Couscous is not just a food that you can eat whenever you crave it. This delicious food is also a home to numerous health benefits, including its ability to promote regular metabolism, prevent bacterial and viral infections, increase heart health and prevent various types of cancer. Additionally, it is also beneficial in boosting the immune system, building muscles, healing wounds, helping with weight loss, improving digestion and controlling fluid levels in the body.
What is Couscous?
Couscous consists of minute balls of semolina flour or durum wheat. Couscous is frequently mistaken as a grain, but it is actually the same dough used to make different types of pasta. To prepare couscous as a more filling and fundamental meal, you simply need to add hot water and let it fluff up.
Couscous is usually available in its natural form in the Meditterranean region and various countries in Africa. Other countries, such as Britain and the United States usually get it in a prepared or pre-steamed form, which only needs a small amount of water to fluff up. Couscous is commonly used in the same way that we use pasta or rice, but you can also prepare it with sauce, salads, vegetables or meat. However, the dish is most commonly incorporated into stews.
Nutritional Values of Couscous
A one cup serving of couscous contains approximately 176 calories, which is about 8 percent of the standard daily calorie intake of 2000. This is a far less amount of calories than a cup of quinoa or rice, which has about 254 and 205 calories per cup, respectively.
A cup of couscous also contains 6 grams of protein, or approximately 12 percent of the daily protein intake. Other grains usually provide much lower levels of protein, but let us not forget that protein is beneficial for building muscleand sustaining energy after exercise.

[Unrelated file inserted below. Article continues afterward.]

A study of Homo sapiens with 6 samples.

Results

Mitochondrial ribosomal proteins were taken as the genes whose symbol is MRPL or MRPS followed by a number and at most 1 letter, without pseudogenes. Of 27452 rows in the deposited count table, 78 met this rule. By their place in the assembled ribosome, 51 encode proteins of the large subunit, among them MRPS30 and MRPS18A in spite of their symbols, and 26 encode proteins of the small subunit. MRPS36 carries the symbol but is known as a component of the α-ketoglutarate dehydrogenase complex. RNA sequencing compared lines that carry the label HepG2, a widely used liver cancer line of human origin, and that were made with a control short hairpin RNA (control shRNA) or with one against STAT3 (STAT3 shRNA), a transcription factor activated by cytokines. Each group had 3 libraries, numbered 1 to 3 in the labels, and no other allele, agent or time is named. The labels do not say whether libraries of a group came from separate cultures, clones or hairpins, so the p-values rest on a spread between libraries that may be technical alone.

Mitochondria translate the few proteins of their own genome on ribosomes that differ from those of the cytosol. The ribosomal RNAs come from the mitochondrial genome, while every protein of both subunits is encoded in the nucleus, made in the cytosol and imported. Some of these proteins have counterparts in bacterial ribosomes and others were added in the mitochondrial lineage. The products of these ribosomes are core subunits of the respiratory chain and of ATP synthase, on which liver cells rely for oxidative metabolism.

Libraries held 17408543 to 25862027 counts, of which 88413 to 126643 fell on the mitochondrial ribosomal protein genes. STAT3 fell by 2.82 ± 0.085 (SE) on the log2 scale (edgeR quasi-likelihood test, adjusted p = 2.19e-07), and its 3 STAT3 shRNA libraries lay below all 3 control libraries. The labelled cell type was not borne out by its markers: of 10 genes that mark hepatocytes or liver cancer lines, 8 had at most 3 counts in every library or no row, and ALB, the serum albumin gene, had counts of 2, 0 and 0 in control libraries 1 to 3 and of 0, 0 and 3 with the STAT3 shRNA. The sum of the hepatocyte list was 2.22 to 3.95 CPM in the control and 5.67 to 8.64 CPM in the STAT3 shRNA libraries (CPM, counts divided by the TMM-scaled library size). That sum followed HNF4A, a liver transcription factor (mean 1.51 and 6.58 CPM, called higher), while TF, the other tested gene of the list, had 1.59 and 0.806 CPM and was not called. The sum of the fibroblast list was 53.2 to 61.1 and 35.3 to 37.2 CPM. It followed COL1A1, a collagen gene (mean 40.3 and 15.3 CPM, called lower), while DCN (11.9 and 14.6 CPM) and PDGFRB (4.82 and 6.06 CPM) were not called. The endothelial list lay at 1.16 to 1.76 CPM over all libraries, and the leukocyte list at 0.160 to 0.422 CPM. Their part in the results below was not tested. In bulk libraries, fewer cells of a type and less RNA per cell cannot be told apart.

The carbohydrate content of couscous actually makes up the majority of its calories, amounting to 38 grams per cup. Some institutions recommend consuming 130 grams of carbohydrates a day to maintain optimal energy levels.
The health benefits of couscous are mainly due to its nutritional contents. Some other nutrients in couscous include manganese, folic acid, niacin, thiamin and selenium.
Health Benefits of Couscous
Here are some of the best health benefits of couscous:
Regulates metabolism. The rich protein content of couscous is good for the regulation of metabolism. It is beneficial in preventing various illnesses.
Improves digestion. A single cup of couscous contains 10 percent of the body’s fiber needs. This makes it beneficial for properly digesting food and promoting gastrointestinal health. It also helps bulk up bowel movements and stimulate peristaltic movement, the smooth muscle contraction that helps move food through the digestive tract.
Helps with weight loss. Since couscous only has 200 calories in every cup, it is good for those who want to lose weight through dieting.
Helps heal wounds faster. Couscous is beneficial in treating wounds quickly. This is due to its high level of protein, which is responsible for repairing both external and internal wounds.
Improves muscle mass. Selenium is one of the most important nutrients in developing the muscle mass. Studies show that a deficiency in selenium may lead to the degradation and weakness of muscles.
Helps prevent cancer. The selenium in couscous helps combat the proliferation of free radicals as well as some other toxins in the bloodstream and greater body in general. Furthermore, selenium also helps stimulate vitamin E and vitamin C regeneration, protecting the body against any further damage.
Helps make the cardiovascular system healthy. Selenium is one of the most important nutrients in couscous. This nutrient is beneficial in the reduction of plaque buildup and dangerous LDL cholesterol on vein and artery walls. Hence, selenium helps protect the body against life-threatening and dangerous conditions like strokes, heart attacks and atherosclerosis.
Let’s just say that there are many health benefits of couscous. However, let us also not forget that it is made of carbohydrates, so don’t consume excessive amounts of it, or your carb intake will reach dangerous levels.